To a lot of people snowdrops are all the same, I thought this for many, many years, until I once visited a garden which had lots of really different varieties and fell under their spell. There are still species snowdrops to be bought, but mainly these days the bulbs that are bought are the many hybrids that are produced, sometimes by seeding naturally, sometimes by selective breeding. Some bulbs cost a small fortune, upwards of £300, but a lot can be bought quite reasonably, thank goodness. I only ever buy one of each variety, then wait for them to bulk up, some do so much quicker than others. Snowdrops vary in the length of the flower stem, in the colour of the leaves, how the leaves are joined to the stem, are the leaves pleated or not, are they twisted, and how fat or thin are the leaves. The flowers can be single or double, and the marks on the inner petals vary considerably. Some hybrids have markings on the outer petals and some have yellow markings where all the others are green. In spite of all this, the wild snowdrop, Galanthus nivalis, looks wonderful when spreading in drifts in a woodland setting. This year, because of the mild winter that most of us have been experiencing, the hybrid snowdrops are 2 to 3 weeks ahead of where they would normally be, but the wild ones seem to be about the same as usual, they are here anyway.This post will be about the hybrids that are out at the moment, I will do a post later about the wild ones and the later hybrids. I will start with Atkinsii which was flowering just after Christmas and is now just starting to go over. This one bulks up quite quickly and is good for selling at open days when raising funds for charity, quite a tall variety.
The twisted grey leaves indicate that this is the species gracilis, a lovely small snowdrop with beautiful clear markings on the inner petals.
Lovely green marking, all down the inner petals. This is just 2 yrs old and has now put up 2 flower buds, hope it continues to increase like this. The name Ding Dong is explained by the fact that it comes from Avon Bulbs in Somerset ( I get most of my snowdrop bulbs from them), think back to the Avon cosmetics TV advert in the 70’s, you would have to be a certain age to understand!!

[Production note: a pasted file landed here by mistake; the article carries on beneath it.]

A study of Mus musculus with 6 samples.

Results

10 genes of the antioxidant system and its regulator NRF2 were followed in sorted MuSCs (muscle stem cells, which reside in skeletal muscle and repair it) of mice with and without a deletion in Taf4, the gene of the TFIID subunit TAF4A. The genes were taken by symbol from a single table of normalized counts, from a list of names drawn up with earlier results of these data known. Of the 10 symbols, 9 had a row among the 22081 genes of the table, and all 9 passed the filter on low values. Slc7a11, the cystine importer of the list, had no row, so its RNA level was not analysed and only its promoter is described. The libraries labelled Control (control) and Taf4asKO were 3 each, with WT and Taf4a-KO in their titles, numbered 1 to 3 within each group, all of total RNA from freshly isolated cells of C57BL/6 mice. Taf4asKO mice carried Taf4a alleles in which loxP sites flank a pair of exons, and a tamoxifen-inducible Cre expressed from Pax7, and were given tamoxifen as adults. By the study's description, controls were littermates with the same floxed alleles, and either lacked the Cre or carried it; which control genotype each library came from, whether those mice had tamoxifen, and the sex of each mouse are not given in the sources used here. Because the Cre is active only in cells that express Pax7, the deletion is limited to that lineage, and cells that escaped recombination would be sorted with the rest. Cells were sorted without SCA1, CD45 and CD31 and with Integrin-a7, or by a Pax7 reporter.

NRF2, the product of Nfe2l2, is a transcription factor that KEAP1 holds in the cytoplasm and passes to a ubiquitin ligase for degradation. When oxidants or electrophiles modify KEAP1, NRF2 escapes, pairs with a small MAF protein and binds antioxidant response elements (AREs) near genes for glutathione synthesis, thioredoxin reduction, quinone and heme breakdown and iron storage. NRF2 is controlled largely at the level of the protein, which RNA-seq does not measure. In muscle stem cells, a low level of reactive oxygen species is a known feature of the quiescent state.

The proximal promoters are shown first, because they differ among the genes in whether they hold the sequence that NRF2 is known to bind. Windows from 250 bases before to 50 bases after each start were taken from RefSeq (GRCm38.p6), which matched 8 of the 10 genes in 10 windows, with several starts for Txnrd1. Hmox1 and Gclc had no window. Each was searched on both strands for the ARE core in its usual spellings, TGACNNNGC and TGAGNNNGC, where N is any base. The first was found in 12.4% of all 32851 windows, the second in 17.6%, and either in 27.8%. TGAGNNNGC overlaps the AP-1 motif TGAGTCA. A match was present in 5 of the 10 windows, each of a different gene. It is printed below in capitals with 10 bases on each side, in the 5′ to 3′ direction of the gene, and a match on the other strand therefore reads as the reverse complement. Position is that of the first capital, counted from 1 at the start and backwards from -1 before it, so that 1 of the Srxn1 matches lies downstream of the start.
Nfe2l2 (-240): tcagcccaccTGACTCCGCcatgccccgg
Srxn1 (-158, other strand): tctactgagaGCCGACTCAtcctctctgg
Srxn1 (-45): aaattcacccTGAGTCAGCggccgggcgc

This one is called Lapwing and I think has a rather nice marking on the inner petals.
Still havn’t identified this one, can anyone help please, quite tall with very grey leaves.
A large double, Desdemona, increases nicely, looks lovely when fully open in the sunshine. I don’t have many doubles as I feel they look rather similar.
A very tall snowdrop with large flowers and a fantastic marking on the inner petals. John Gray was the first special one that I bought, it has a lot to answer for!
A tiny snowdrop, a species Galanthus rizehensis, lovely little one which increases well when happy, I think mine are happy!
Another that is very happy and gets split for open days is Magnet. This has increased really well and is now forming nice large clumps. I split mine when flowering is over and the leaves are just starting to turn yellow, I feel that the leaves have now fed the bulbs for next year and it doesn’t seem to do the bulbs any harm as they always flower again the following year without any problem. There is a feeling now that we should leave them to be dormant before splitting them, this would mean digging them up in the summer when I would never be able to find them, think I will stay with the old method as that is what works for me!
This is still Magnet, showing the extra long pedicel which joins the flower to the flower stalk. Because the pedicel is so long, the slightest breeze makes the flowers dance as if they are a cloud of butterflies!
Very new, just planted last year, Modern Art. The leaves are grey with a silver stripe down the centre.
Alison Hilary, another nice one, just starting to increase well.
Straffan is being over run by Milleum effusum aureum, must do a bit of judicious weeding before the snowdrop gets choked to death!
Robin Hood is another tall snowdrop and another of my first ones. I wish this had opened up so that I could show you the markings inside, maybe next time.
Another of my early purchases, Merlin, the first one I bought with all green inner petals. This is quite a tall snowdrop, but hasn’t increased as fast as some of the others unfortunately. In the background you can just see some of the wild snowdrops just starting to show, they are coming on time, have never known the others to be so early.
Showing the really dark green of the inner petals on Merlin.
This one is Augustus and has quite rounded flowers compared to some of the others and the leaves have a silver stripe down the centre. The outer petals have the texture of seer sucker material.
Another species, Galanthus woronowii, which has very dark green shiny leaves. I have found that this one is seeding around and has now formed 3 distinct clumps – lovely!
Another double, but not as tall as Desdemona is Hippolyta. The petals are quite heavily ridged on this bulb that is increasing nicely.
These are all the snowdrops that are flowering at the moment. There are lots more still to come and of course the wild ones which will make the woodland look as if we have had a sprinkling of snow, should open in another couple of weeks, will keep you up to date. Do you still think that they are all the same, I hope not!!